I'm asking you guys, who are in java all day, what helped you become more productive? Reusing your work? Keyboard bindings? Planning philosophy?

This question should be a community wiki question, as it's a poll style question with no one right answer. – Mike Sherov Aug 7 '10 at 21:37
    
@mattbasta, Subjective is a meta-tag, don't use it. – Mike Sherov Aug 7 '10 at 21:48
up vote 6 down vote accepted

You're asking the wrong question. Code skills alone will only get you so far. Concentrate instead on understanding

  • object oriented design and construction
  • design patterns
  • the advantages and disadvantages of inheritance, composition, and interfaces
  • knowledge of the available libraries and classes
  • higher-level abstractions, like Java EE (and ligher-weight approaches like Hibernate and Spring-based applications), aspect-oriented programming, and service oriented architecture
  • learn how to use test-driven design and the various testing tools like jUnit, "mocking" packages, and so on

Tooling

  • Know your tools: Learn the shortcuts of your IDE, and use them.
  • Look for proper tool support: There are lots of plugins available for Eclipse and IDEA.
  • Static Code Analysis, e.g. Checkstyle, PMD, Findbugs, helps you avoid common errors. Given time you will not make them any more. (Use these tools on the build server or IDE plugin).

Language

  • Read the proper books: JVM specification, Effective Java, Java Generics and Collections, Java Puzzlers (in that order)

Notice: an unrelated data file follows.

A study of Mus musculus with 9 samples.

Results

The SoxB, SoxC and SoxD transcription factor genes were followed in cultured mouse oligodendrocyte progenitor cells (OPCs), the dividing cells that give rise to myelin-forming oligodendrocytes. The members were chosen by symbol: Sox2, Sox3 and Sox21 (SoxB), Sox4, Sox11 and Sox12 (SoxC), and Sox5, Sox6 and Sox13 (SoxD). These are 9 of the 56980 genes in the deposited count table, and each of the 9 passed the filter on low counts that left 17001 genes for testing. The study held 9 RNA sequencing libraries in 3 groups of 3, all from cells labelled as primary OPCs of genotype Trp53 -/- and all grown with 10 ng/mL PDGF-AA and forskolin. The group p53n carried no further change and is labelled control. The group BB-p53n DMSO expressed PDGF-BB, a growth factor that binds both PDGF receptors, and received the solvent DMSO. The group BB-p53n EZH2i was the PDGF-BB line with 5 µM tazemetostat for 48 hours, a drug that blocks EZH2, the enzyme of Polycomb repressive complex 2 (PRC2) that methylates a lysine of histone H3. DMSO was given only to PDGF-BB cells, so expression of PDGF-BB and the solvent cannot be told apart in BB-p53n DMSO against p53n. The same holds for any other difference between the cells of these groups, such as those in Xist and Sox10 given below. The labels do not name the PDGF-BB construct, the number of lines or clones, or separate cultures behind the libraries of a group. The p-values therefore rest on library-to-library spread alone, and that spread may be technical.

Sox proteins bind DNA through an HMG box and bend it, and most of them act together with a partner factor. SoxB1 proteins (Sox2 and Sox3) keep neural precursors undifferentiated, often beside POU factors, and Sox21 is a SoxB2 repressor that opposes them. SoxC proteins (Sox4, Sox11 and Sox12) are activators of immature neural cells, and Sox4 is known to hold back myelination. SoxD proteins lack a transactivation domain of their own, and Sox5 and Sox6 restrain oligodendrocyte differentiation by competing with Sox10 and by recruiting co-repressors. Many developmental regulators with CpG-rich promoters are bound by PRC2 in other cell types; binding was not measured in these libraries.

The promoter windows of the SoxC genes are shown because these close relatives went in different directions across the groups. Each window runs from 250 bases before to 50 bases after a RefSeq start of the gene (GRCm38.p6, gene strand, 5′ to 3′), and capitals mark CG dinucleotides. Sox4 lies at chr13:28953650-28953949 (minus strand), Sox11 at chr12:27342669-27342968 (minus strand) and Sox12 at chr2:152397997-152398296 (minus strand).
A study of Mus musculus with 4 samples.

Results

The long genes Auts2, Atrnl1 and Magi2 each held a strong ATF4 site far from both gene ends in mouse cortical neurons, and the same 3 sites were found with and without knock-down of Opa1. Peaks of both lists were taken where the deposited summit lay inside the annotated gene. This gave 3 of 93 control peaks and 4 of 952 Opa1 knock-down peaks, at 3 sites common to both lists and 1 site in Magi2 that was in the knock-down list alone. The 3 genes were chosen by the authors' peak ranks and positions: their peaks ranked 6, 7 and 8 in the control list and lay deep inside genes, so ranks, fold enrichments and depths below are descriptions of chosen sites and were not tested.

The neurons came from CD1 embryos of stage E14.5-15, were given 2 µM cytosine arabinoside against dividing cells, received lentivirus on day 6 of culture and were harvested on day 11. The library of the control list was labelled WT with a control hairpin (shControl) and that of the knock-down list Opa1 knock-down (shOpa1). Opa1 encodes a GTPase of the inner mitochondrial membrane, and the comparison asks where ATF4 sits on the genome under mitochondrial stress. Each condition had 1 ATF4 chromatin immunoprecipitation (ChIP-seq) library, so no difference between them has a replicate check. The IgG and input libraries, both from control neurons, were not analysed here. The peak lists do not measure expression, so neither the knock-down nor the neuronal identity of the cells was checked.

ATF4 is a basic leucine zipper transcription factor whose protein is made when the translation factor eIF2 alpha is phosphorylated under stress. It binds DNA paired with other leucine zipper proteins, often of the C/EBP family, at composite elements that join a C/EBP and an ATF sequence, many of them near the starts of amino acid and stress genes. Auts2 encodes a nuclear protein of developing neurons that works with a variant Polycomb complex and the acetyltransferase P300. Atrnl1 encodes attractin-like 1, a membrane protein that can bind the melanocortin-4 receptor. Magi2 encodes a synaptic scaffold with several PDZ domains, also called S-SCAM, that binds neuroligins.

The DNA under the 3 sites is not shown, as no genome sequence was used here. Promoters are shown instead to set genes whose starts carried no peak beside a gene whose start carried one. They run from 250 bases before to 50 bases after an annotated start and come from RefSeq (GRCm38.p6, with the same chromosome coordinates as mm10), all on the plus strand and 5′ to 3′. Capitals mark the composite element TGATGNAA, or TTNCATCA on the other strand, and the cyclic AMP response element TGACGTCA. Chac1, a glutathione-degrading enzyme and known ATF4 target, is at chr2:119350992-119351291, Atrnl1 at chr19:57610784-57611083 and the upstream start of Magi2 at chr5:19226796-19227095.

• Check out the API doc of the most common classes: System, wrapper classes, collections, etc.
  • Browse the API doc to get a feeling what's there at all: io, nio, security, xml etc.
  • Knowing the right libraries is essential, as it shortens many tasks.
  • So have a look into Apache Commons as well (maybe read Jakarta Commons Cookbook).

Practice

  • Create yourself cheat-sheets.
  • Keep a (personal) collection of nice utility classes and use them in your project. This collection will evolve.
  • Get involved in a larger Java project.
  • Try some open source.


    
I could elaborate this a million ways but the end result would still be this same thing. My point really is that don't try to impress others with stuff you can unmangle yourself later on. – Esko Aug 7 '10 at 22:14

Using Continuous Integration to build our applications when the source repository changes.